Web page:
This morning, I finally made the stream crossing to get to another part of Mandai that I've long wanted to explore.
There's quite a lot of trees in this part of Mandai mangroves!
Api-api bulu (Avicennia rumphiana), Api-api putih (Avicennia alba), and Api-api ludat (Avicennia officinalis) which seem to be fruiting. On the outer edges near the shore there were many small and some large Perepat (Sonneratia alba).
Bakau minyak (Rhizophora apiculata) and a few smaller Bakau kurap (Rhizophora mucronata). I saw some Mangrove wax plants (Hoya spp.) and Nipah palms (Nypa fruticans) too.
Bakau putih (Bruguiera cylindrica) and as usual, many were heavily laden with nice green seedlings.
Tumu (Bruguiera gymnorrhiza) and many of them were 'fruiting' with nice fat cigar shaped seedlings hanging off their bright red calyx. So pretty.
Dugun (Heritiera littoralis) as well as a few large Xylocarpus granatum. Also some large Buta-buta tree (Excoecaria agallocha). There was only a few tall skinny Teruntum putih (Lumnitzera racemosa).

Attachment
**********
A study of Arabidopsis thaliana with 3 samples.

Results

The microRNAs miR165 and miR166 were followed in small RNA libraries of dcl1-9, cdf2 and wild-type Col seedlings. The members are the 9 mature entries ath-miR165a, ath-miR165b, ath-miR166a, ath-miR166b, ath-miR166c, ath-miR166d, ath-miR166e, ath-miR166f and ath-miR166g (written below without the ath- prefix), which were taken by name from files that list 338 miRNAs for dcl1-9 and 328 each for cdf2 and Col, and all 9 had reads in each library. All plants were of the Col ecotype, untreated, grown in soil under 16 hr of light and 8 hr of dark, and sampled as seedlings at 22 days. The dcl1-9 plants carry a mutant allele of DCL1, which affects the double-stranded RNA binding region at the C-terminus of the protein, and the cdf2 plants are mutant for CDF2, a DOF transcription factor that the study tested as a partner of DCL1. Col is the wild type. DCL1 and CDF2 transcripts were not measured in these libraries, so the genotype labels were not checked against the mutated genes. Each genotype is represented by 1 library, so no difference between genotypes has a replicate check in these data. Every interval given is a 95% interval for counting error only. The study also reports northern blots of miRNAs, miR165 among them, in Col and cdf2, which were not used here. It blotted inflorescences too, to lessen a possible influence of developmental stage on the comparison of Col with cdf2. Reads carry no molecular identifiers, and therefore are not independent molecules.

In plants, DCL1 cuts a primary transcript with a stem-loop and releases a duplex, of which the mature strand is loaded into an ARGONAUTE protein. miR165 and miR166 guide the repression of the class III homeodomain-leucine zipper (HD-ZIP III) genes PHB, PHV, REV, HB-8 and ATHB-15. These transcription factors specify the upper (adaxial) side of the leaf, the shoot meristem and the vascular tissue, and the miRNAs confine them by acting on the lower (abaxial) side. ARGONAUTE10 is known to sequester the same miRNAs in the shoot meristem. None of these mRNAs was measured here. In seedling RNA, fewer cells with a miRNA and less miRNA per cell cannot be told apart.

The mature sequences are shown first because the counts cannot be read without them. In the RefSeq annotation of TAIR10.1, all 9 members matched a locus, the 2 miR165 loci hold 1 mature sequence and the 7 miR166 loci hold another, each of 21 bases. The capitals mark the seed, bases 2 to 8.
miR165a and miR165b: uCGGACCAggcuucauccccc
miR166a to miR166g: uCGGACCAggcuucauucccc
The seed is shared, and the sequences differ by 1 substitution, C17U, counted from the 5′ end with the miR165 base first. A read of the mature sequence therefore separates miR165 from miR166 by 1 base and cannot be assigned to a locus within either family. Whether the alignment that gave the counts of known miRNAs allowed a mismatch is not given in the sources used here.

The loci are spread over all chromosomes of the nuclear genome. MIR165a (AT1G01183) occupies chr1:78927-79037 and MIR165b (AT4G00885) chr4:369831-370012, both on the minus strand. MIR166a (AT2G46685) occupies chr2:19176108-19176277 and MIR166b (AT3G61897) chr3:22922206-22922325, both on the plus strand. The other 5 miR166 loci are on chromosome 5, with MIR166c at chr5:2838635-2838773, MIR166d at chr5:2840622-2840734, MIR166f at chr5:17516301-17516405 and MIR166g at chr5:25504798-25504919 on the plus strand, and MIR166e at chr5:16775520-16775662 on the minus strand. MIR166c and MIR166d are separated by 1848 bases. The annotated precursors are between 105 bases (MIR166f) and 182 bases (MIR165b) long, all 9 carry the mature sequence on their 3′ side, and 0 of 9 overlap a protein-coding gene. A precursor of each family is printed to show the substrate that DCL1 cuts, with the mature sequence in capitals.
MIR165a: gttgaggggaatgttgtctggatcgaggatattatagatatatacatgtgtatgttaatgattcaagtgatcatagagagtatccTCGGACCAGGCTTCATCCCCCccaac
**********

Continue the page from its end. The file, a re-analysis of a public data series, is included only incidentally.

Beccari's seagrass (Halophila beccarii) here.
Bakau kurap (Rhizophora mucronata).
Mangrove horseshoe crabs (Carcinoscorpius rotundicauda), the smaller male clinging onto the larger female. Indeed, during a Mega Marine Survey, we found many eggs of horseshoe crabs at Mandai. A study found that juvenile horseshoe crabs were found in meadows of Beccari's seagrass (Halophila beccarii). Vast meadows of this rare seagrass has been seen at Kranji Nature Trail, other parts of Kranji and also at Mandai mangroves. So Mandai seems to be a perfect home for our Mangrove horseshoe crabs!
Volunteer with Rick for his mangrove mapping project.
It's the end of another exhausting series of low tides. A huge pile of washing, photo processing lies ahead, with lots of meetings as well, before it all begins again in less than a week! Morning low spring tide season is fun, but very tiring.